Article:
KINETICfinder® is the ideal tool for quick prediction of drug clinical efficacy
A clear understanding of binding kinetics provides a more complete picture of what drives target occupancy in vivo and ultimately clinical efficacy: the faster a drug binds to the target, the faster the occupation will occur. Conversely, the longer the duration of binding, the longer the pharmacodynamic effect.
Using KINETICfinder® in the early stages of drug discovery:
- Enables the early identification of clinical effective compounds.
- Allows differentiation between similar therapies.
Approved KIT inhibitors show longer residence time
Many approved kinase inhibitors target KIT kinase, an oncogene implicated in cancer cell growth, proliferation, invasion and metastasis. Figure 1 shows the kinetic profile of 10 approved drugs along with 6 clinical and preclinical compounds against KIT using KINETICfinder®.
The kinetic plot and Table 1 reveal that longer residence time contributes to the clinical success of inhibitors that target KIT kinase:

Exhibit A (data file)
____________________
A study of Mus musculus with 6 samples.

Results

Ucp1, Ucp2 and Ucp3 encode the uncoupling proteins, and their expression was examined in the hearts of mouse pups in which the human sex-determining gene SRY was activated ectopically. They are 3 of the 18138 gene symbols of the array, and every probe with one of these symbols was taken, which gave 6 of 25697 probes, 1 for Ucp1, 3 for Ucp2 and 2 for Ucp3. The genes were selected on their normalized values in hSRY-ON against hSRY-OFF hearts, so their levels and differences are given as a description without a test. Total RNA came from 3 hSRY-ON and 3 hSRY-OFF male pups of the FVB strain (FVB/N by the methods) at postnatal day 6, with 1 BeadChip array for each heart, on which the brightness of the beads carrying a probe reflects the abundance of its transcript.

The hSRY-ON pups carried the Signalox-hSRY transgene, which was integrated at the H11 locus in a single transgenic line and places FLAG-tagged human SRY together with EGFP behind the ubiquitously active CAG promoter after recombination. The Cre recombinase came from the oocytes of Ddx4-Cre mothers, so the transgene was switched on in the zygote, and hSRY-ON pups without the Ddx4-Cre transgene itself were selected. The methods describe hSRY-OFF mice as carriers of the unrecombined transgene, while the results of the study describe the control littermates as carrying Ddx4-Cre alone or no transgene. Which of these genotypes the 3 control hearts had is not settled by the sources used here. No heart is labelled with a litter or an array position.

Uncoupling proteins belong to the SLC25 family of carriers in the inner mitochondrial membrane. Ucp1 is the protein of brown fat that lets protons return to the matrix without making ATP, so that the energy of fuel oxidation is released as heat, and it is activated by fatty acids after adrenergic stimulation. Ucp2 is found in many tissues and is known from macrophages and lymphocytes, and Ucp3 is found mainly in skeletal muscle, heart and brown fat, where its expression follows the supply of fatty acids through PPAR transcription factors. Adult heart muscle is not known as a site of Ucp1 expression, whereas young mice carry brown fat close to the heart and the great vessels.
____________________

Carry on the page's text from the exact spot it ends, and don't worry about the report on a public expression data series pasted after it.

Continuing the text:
- 70% of the clinically efficacious drugs show a long residence time, with a median of 100 minutes, compared to 16% of the clinical and preclinical compounds.
- Development compounds dissociate 13 times faster than marketed drugs, with a median of 8 minutes.
- Approved drugs associate slightly faster to KIT compared to development compounds.
Our results are in agreement with those shown by Georgi et al. in a survey of binding kinetics for 270 compounds targeting 40 clinically relevant kinases. They found that kon values were nearly unchanged between preclinical and approved drugs while koff values shifted toward longer residence time for approved drugs1.
|Kinetic characteristics||Approved drugs||Development drugs|
|Association rate (M-1s-1)||1.6×105||4.5×104|
|Residence time (min)||100||8|
|Rapid associating drugs (≥1×106 M-1s-1)||20%||16%|
|Slow dissociating drugs (≥1 h)||70%||16%|
- Georgi V. et al (2018) Binding kinetics survey of the drugged kinome. J Am Chem Soc. 140(46):15774–15782.